Recently, I attended the High School Graduate’s gathering held in Niagara Falls by the Niagara Catholic District School Board. The annual event brings together all the Grade Twelve students of the eight English-speaking high schools in the area and features addresses by senior administration, the Bishop and a guest speaker. The guest speaker is then featured at a special dinner celebrating Catholic education in the evening.

This year’s speaker works in Campus Ministry at Texas A and M University in the United States and brought a lot of energy and great ideas to the assembly. During his talk he pointed out something in the story of the woman with a hemorrhage who Jesus healed (Mark 5:25-34) which got me thinking.

The story begins with Jairus (a synagogue official) asking Jesus to heal his very sick daughter. As Jesus was walking towards the house within a crowd of people, he would have made incidental contact with dozens of people. The woman with a hemorrhage, who was desperate to be healed, sneaks up on Christ and brushes against his clothes. Jesus then stops and demands to know who touched him because power had gone out of him. His disciples are incredulous because dozens of people likely had touched him: what was the big deal? The difference between the woman and the others was she did it intentionally as an act of faith.

How often do people have incidental contact with Jesus? Maybe they see him on a crucifix worn around someone’s neck as a piece of jewellery. They may see a statue or picture of him as they drive by a Church. Perhaps they hear some of his words quoted in a speech. They may overhear someone talking about how he has changed their life. Most of these individuals will forget about that contact within minutes.

Yet, there are people who are desperate to make contact with him. It might be a teenager with low self-esteem who simply wants someone to notice her. The individual could be a cancer patient who sits in a hospital room day after day hoping for some good news about his condition. It could be a single mother who is struggling to raise her children on a limited income with little emotional support from family or friends. The person might be an elderly man who waits in vain for a visit from his family.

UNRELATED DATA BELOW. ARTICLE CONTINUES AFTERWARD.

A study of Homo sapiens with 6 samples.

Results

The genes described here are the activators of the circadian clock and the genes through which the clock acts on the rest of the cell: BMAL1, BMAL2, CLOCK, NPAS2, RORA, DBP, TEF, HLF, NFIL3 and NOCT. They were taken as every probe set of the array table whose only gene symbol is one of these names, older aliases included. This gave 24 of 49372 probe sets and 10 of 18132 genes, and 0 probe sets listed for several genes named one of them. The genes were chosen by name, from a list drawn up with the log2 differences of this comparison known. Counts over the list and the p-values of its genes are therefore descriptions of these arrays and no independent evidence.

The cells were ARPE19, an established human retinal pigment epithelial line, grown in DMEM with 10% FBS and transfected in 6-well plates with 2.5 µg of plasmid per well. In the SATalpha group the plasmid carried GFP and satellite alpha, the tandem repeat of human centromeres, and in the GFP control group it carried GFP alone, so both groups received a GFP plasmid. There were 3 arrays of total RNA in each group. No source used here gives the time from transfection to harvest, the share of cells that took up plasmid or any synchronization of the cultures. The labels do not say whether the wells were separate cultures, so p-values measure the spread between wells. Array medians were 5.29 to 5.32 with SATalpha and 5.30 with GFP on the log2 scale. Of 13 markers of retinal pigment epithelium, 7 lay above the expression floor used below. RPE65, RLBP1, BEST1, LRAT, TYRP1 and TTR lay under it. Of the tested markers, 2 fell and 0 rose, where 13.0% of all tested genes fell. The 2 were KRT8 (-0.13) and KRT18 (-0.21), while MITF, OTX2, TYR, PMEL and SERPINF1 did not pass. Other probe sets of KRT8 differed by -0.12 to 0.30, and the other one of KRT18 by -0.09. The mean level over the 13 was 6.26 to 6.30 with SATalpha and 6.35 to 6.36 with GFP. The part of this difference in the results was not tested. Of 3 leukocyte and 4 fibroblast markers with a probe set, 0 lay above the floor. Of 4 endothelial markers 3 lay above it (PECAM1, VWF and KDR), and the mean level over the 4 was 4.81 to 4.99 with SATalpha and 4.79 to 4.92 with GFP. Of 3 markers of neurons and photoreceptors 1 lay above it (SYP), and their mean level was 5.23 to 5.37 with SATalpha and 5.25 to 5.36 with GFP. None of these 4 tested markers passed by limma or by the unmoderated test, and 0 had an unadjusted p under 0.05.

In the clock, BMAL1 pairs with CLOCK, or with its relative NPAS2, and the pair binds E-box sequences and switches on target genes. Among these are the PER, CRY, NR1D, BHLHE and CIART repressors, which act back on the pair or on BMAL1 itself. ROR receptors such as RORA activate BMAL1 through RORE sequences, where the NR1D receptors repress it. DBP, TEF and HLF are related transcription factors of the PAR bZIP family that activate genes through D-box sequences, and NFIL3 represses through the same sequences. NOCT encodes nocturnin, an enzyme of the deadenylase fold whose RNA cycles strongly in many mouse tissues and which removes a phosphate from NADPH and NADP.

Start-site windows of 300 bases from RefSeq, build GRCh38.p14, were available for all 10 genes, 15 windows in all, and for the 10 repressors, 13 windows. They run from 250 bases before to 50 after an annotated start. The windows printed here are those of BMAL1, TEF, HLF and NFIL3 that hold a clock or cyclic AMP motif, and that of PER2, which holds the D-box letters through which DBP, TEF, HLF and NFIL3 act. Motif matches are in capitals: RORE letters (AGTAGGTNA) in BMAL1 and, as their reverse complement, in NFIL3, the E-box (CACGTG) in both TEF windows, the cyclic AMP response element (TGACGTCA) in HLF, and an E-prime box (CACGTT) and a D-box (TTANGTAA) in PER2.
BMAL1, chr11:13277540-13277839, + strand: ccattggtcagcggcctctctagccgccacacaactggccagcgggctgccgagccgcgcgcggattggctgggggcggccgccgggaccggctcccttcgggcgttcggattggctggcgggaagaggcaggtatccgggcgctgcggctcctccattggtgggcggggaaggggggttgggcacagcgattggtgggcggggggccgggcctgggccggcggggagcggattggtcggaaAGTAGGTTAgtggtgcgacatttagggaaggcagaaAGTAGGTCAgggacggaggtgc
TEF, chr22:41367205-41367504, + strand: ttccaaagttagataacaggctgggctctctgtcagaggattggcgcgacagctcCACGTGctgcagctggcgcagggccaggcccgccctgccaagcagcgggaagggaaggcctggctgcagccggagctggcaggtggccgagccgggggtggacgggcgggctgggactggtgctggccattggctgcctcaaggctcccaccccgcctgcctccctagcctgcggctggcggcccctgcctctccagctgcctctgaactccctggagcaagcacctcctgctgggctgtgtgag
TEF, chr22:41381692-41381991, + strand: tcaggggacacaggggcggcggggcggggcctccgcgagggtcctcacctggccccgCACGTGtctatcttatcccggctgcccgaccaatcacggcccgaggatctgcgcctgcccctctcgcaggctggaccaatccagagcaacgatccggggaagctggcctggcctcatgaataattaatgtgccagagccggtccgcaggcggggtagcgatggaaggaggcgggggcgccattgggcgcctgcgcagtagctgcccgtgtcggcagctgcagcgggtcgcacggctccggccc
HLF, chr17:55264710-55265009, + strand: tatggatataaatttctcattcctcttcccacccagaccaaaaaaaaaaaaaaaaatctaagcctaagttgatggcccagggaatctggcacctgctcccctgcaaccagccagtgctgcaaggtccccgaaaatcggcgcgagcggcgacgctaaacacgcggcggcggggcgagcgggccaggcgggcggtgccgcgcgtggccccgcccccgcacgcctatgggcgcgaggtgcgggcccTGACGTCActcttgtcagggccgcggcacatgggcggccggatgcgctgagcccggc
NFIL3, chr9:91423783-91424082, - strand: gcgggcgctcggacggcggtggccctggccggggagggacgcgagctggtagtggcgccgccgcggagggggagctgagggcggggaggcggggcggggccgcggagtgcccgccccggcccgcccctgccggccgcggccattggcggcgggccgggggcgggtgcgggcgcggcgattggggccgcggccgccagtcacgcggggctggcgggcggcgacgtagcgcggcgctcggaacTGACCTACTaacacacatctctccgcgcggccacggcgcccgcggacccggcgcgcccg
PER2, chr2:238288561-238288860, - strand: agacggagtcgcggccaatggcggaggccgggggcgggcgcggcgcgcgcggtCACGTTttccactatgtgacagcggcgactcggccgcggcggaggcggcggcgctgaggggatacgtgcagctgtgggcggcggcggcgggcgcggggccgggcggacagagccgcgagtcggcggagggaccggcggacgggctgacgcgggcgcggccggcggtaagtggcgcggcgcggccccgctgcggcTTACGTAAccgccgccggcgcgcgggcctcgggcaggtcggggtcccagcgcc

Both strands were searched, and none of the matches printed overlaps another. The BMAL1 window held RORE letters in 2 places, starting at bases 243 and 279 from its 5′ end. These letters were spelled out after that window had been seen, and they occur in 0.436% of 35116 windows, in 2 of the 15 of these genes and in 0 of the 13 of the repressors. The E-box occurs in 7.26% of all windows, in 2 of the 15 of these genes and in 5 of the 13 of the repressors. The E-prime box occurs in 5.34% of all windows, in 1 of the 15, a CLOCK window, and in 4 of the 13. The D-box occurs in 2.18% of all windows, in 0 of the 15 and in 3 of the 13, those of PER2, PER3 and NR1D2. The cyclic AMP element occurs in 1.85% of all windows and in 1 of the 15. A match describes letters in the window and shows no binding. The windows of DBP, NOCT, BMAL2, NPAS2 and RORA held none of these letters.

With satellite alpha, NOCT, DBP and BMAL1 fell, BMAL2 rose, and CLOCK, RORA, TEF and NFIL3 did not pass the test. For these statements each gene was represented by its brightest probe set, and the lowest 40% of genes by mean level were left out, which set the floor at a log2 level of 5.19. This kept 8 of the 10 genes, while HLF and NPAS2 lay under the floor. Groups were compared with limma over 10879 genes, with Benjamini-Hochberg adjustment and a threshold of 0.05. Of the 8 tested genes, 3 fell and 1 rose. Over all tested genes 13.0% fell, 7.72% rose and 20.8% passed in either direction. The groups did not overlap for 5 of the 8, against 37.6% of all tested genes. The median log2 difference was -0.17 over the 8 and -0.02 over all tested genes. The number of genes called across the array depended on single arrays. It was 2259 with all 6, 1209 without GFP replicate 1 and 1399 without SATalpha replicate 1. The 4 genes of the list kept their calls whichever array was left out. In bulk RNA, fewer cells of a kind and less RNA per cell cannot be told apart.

These individuals do not have signs attached to them saying “I need help”. As a result, they often go unnoticed by others. Like the woman in the story, they may have spent all their money, time and energy trying to get out of their situation and have failed. Their faith may be weak. They may not be able to articulate it. Some may think they are not worth Christ’s time. They believe if they could just make contact with something holy, like his clothes, things might change for them. Hope is about all they have left.

These people cannot make contact with Jesus because he is no longer on earth. But they can make contact with us. Today, we are the Christ in this story. We may not be able to heal a woman’s hemorrhage or a man’s cancer, but we can take away the isolation. We can tell a teenager with low self-esteem that she is loved by God (and us) exactly as she is now. We can listen to a single mother share her worries and hurts with us. We can substitute for an elderly man’s family by checking in on him periodically.

The effect of Christ’s healing was not just to change a medical condition. The blood made the woman ritually unclean (someone a pious Jew would avoid) and likely an outcast with her family and friends. The miracle restored her former condition. We can heal relationships.

Those in ordained ministry or undergoing formation for it should recognize the importance of making contact with such people. Parishioners must also be reminded how being a disciple involves such activity. Those to whom we reach out may be uncooperative or fail to express gratitude after we help them. Yet, if we are “alter Christ” (another Christ) we must respond as he did.